Reining in Pension Costs

City investigates CalPERS benefit costs

Alameda's city leaders are in the midst of a fresh effort to address this city's pension costs.

Top city staffers have said they expect the city's pension costs to continue to rise, even as employees have offered to pay more toward their retirement. City Manager John Russo has assembled a task force to study the city's pension and retiree health care cost issues. A report is due out sometime this fall.

While Alameda's city leaders said they can't ask current employees or retirees to accept slimmer benefit packages, over the last year all the city's employee unions have agreed to allow their members to pay more toward their pensions.

Contracts with the city's nonsafety unions are expected to produce $873,000 in pension and benefit savings over the lives of those contracts, while increased pension contributions from police and firefighters are expected to save the city $578,400 over three years.

All the city's non-safety unions have agreed in recent months to discuss adding a "second tier" of retirement benefits for new hires that would increase the new hires' retirement ages and lower the compensation amount their pensions are based on. And Russo has said he plans to sit down with the city's public safety unions this summer to ask for additional help in managing the city's pension costs.

The city's pension costs are expected to be $9.92 million this year. That's less than the $10.1 to $11.5 million that the city has paid into CalPERS each year since 2004, but triple what the city paid CalPERS for its employees' retirement benefits in 2001.

CalPERS is the state pension fund that manages most cities' investments, including Alameda's.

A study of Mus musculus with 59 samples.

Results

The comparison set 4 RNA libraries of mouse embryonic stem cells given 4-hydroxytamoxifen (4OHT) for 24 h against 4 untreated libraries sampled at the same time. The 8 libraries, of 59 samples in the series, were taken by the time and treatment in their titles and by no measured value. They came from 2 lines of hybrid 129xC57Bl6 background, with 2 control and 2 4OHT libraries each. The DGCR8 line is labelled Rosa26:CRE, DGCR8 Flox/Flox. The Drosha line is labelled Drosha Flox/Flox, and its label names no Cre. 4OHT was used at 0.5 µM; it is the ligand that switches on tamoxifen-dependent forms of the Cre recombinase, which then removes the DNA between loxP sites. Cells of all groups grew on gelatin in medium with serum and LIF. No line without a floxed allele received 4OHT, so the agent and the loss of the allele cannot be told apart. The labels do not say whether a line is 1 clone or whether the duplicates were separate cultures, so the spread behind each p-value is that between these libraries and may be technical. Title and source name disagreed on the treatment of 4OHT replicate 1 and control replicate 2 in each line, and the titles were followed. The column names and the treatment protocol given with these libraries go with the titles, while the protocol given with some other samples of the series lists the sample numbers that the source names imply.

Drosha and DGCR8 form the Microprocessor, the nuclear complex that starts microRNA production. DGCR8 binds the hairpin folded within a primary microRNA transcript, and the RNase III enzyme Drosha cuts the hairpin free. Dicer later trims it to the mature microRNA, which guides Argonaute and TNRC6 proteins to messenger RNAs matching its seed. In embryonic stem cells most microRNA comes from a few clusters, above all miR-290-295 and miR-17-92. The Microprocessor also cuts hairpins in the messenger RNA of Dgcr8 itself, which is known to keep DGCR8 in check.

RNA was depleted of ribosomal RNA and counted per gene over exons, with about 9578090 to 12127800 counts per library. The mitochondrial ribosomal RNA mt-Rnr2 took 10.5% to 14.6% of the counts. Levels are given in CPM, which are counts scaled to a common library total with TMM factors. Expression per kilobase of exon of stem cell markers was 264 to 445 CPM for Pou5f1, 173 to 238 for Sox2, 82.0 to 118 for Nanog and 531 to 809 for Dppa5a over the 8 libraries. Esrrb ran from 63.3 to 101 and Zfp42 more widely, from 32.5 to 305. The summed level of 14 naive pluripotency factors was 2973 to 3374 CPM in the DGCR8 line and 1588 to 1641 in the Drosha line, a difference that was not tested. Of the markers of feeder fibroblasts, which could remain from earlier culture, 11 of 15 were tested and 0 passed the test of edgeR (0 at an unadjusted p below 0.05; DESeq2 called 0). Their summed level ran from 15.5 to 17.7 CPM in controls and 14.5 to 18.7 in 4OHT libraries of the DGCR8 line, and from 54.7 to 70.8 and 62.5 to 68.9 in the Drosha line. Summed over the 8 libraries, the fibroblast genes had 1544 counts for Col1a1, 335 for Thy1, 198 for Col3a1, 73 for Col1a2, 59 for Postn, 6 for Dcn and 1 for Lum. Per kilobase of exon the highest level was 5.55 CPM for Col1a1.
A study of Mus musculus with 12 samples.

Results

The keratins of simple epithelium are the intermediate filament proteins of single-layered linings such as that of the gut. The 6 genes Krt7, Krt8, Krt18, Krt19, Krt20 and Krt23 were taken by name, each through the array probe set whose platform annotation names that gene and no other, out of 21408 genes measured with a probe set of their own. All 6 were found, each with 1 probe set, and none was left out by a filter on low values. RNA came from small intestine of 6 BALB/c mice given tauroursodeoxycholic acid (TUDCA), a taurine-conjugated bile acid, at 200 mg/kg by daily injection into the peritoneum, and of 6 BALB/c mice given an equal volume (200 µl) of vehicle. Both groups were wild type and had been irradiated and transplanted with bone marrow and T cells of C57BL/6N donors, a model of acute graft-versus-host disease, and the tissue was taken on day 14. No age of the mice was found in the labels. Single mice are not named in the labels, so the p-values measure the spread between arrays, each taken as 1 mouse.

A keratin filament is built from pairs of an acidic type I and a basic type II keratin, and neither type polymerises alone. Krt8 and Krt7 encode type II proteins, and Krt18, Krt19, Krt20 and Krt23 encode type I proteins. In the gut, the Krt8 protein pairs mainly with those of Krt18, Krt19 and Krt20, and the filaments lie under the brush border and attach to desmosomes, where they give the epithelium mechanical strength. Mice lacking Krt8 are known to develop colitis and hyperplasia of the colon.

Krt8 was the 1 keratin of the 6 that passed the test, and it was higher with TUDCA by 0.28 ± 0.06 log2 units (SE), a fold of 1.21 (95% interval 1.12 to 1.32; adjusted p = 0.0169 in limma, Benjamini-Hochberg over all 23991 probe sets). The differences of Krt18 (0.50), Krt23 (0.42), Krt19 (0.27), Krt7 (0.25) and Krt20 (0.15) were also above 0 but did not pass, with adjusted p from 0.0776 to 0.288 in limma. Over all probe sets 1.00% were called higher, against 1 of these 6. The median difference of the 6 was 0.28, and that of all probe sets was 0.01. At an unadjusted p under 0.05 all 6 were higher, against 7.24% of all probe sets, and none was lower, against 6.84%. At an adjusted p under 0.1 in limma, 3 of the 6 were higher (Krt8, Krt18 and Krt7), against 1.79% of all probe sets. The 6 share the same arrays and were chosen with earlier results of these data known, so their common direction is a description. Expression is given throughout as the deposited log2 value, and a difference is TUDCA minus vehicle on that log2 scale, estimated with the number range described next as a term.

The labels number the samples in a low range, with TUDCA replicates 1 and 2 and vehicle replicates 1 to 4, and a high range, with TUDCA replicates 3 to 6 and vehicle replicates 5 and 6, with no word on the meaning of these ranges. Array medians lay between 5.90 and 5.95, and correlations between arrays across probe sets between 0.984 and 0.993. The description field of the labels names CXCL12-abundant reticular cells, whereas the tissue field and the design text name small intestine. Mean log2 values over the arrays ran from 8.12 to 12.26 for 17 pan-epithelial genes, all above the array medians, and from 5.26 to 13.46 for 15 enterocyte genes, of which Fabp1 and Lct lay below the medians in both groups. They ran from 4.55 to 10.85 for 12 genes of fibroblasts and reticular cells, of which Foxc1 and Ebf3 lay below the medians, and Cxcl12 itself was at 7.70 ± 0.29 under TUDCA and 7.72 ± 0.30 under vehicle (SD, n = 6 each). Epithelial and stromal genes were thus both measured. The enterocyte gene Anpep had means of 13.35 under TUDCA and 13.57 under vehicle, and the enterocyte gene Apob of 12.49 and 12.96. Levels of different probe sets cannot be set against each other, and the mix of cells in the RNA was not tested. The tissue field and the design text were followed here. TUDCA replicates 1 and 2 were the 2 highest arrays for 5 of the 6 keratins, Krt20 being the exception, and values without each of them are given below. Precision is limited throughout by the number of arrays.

Alameda has also faced chronic budget deficits, including an estimated $5.1 million funding gap in the 2012-2013 budget that the city council considered on Tuesday. City staffers have recommended closing the budget deficit by cutting positions and shuttering the city jail, among other things.

The city is projected to pay the equivalent of 40 percent of Alameda's public safety payroll and 17 percent of its non-safety payroll toward pensions by 2014; the amounts are 37 percent and 15 percent this year (public-safety pensions account for $7.5 million of the city's costs this year, while other employees' pension costs account for $2.42 million).

Annual financial reports released by the city show that Alameda's unfunded pension liabilities more than doubled between 2002 and 2008, from $36.3 million to a little over $74 million. The city's most recent consolidated annual financial report shows the city with nearly $95 million in unfunded pension liabilities in 2010.

Back in 2002 the city's pension plan for public safety was 78 percent funded by existing assets, while its non-safety plan was overfunded by $2.5 million; in 2010, the city's safety plan was 75.4 percent funded and its non-safety plan, 89.1 percent funded.

Alameda has 558 current employees enrolled in its two retirement plans and 763 receiving retirement benefits, Assistant City Manager Lisa Goldman said, or 0.73 active employees paying into the system for every retiree taking benefits.

Read this entire story that includes a comparison with the city of San Jose at www.thealamedan.org.